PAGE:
Originally Posted by Weird Harold View Post
Since it is highly unlikely that the fully automatic weapon used last night was legal and registered, there would be no difference if more laws had been passed for the shooter to ignore.
Doesn't seem like there has been a clear statement yet on whether his rifles were fully automatic (hence illegal), or legally purchased semi-automatics that had been converted into basically automatic using legally purchased accessories.

https://www.theguardian.com/us-news/...semi-automatic

Quote:
Law enforcement officials have yet to confirm what kind of firearms Stephen Paddock used to shoot from his Mandalay Bay hotel room into a crowd of people at a country music festival in Las Vegas, killing at least 58 people, though early reports suggest he had as many as 10 guns, including some rifles.

The rapid pace of the gunfire suggested that the shooter was using either a fully automatic weapon, tightly restricted under US law, or that he had attached a device to a semi-automatic gun to make it fire more continuously, said Massad Ayoob, a firearms expert, instructor and author.

“It’s faster than almost any human being is going to be able to pull a trigger on a semi-automatic,” Ayoob said.

Fully automatic weapons, which fire multiple rounds of ammunition from a single pull of the trigger, are strictly regulated, taxed and tracked under US law. This makes them expensive collectors’ items, and comparatively rarely used in crimes. Semi-automatic rifles, in contrast, which fire only one round of ammunition with each pull of the trigger, are widely available.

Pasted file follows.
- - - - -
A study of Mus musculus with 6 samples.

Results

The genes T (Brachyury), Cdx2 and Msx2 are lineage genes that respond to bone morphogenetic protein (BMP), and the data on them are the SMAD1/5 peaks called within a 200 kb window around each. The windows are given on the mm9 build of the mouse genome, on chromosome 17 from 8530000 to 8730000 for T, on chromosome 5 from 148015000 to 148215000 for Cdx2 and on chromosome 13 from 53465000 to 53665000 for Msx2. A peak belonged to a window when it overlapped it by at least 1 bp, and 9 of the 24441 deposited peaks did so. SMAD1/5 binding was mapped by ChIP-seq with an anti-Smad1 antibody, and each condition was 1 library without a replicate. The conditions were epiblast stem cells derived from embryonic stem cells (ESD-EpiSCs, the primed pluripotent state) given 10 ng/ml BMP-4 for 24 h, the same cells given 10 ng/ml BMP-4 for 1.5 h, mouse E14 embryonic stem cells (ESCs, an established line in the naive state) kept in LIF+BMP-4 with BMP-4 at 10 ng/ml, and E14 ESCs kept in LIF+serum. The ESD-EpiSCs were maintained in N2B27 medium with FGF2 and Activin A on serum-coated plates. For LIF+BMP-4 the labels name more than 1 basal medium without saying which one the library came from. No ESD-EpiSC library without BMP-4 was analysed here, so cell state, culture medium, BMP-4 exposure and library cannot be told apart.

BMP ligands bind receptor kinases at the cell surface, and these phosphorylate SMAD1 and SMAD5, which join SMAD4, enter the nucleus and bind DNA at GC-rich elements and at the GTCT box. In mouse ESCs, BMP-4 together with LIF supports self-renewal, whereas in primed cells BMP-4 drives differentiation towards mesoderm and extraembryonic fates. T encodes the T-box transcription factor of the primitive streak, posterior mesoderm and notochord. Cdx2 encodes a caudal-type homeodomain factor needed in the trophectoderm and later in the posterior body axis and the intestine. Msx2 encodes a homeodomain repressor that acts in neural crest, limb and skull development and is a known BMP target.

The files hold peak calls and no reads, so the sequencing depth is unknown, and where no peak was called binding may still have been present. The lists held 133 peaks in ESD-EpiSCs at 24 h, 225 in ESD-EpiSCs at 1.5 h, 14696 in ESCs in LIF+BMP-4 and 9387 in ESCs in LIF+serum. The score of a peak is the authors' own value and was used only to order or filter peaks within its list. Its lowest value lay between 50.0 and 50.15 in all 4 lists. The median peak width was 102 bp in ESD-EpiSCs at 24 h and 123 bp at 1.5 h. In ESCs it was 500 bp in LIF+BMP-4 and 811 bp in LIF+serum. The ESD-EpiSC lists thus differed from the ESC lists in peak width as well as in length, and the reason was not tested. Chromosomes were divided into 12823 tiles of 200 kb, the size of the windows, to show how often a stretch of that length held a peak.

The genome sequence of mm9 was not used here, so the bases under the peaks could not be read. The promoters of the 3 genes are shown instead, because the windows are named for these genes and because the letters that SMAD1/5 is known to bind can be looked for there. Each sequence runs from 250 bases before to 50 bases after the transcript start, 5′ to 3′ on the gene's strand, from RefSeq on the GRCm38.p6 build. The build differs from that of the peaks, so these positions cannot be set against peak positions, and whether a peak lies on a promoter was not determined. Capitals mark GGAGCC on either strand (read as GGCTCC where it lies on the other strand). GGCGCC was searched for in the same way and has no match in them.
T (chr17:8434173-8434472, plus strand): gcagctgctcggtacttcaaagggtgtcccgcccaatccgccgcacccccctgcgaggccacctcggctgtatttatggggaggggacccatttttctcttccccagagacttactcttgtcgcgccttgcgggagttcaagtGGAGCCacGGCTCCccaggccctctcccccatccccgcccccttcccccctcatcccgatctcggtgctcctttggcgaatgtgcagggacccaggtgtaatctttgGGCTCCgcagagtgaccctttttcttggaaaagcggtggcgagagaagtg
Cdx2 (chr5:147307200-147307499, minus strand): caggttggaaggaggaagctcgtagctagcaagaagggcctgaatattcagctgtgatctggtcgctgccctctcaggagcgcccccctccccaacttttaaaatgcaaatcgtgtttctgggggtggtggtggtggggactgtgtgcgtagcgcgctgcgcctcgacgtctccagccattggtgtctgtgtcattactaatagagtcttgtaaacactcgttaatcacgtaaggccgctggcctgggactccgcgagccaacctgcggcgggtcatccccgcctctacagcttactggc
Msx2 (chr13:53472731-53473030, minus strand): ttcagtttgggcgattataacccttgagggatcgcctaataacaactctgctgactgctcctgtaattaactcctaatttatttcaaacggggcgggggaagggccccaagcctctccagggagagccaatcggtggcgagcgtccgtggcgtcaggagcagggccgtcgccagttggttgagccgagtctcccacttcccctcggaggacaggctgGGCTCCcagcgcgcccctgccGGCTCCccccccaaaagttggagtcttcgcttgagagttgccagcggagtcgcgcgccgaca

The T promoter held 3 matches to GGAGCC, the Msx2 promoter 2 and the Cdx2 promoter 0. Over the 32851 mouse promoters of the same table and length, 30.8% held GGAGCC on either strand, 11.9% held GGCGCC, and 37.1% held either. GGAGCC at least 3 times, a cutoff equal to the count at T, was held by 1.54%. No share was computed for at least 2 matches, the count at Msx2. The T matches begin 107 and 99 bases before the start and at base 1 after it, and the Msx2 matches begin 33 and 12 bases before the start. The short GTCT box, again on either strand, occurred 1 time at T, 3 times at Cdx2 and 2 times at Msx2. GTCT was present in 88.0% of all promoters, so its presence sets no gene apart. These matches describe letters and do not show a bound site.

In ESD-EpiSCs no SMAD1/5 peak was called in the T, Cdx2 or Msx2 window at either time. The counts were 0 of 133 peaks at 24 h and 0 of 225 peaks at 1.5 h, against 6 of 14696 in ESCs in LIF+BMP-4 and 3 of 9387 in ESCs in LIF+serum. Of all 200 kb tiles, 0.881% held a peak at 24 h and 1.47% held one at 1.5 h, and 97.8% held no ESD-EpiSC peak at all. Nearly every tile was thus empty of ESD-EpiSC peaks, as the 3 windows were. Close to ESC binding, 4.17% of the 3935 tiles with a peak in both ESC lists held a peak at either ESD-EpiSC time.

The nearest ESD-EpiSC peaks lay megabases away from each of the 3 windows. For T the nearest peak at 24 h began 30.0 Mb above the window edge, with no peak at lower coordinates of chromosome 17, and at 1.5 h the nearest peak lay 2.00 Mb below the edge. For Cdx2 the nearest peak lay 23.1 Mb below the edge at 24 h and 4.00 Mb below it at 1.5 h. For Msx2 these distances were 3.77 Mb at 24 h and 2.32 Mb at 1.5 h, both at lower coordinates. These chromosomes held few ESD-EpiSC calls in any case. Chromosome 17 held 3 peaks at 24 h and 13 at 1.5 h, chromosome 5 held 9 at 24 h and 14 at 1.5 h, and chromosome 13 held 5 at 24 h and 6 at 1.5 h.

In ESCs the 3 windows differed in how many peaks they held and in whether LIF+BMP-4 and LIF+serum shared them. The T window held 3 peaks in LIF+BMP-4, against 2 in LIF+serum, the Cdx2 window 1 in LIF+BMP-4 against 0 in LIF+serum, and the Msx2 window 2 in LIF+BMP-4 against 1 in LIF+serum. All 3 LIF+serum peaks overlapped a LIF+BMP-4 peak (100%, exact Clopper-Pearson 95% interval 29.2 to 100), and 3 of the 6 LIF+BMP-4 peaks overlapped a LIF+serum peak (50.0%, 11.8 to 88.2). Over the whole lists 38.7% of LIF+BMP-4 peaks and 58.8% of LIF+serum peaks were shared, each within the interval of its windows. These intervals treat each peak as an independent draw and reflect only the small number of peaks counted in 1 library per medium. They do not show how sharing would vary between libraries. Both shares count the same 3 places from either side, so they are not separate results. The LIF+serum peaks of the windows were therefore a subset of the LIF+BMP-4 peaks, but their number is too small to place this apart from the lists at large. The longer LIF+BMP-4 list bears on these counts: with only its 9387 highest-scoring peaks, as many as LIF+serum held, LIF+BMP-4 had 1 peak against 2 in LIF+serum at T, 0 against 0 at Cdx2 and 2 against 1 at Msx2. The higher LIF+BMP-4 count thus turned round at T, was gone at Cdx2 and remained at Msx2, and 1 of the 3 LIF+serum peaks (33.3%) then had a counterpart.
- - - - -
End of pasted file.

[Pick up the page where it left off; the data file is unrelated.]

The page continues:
Unlike some states, Nevada, which has laws generally friendly to gun owners, does not ban the sale of “assault weapons” – semi-automatic civilian guns built to resemble military weapons.

From listening to the footage of the attack, Ayoob said that the gunshots “did not sound as consistent” as he would typically expect from a fully automatic M-16 or AK-47. “The pace of fire is a little bit erratic. At one point it’s slower than it is at another point.”

Paddock could have used a Hellfire or a bump-fire device, which attach to normal semi-automatic rifles and allow them to fire more rapidly, Ayoob said. These devices are legal, but rarely used by serious shooters, he said.

“It’s hard to shoot accurately with them, and serious shooters want accuracy,” he said. He called them “not terribly popular” and “something a gun geek would want”.
Our country's worship of guns both confuses and disgusts me.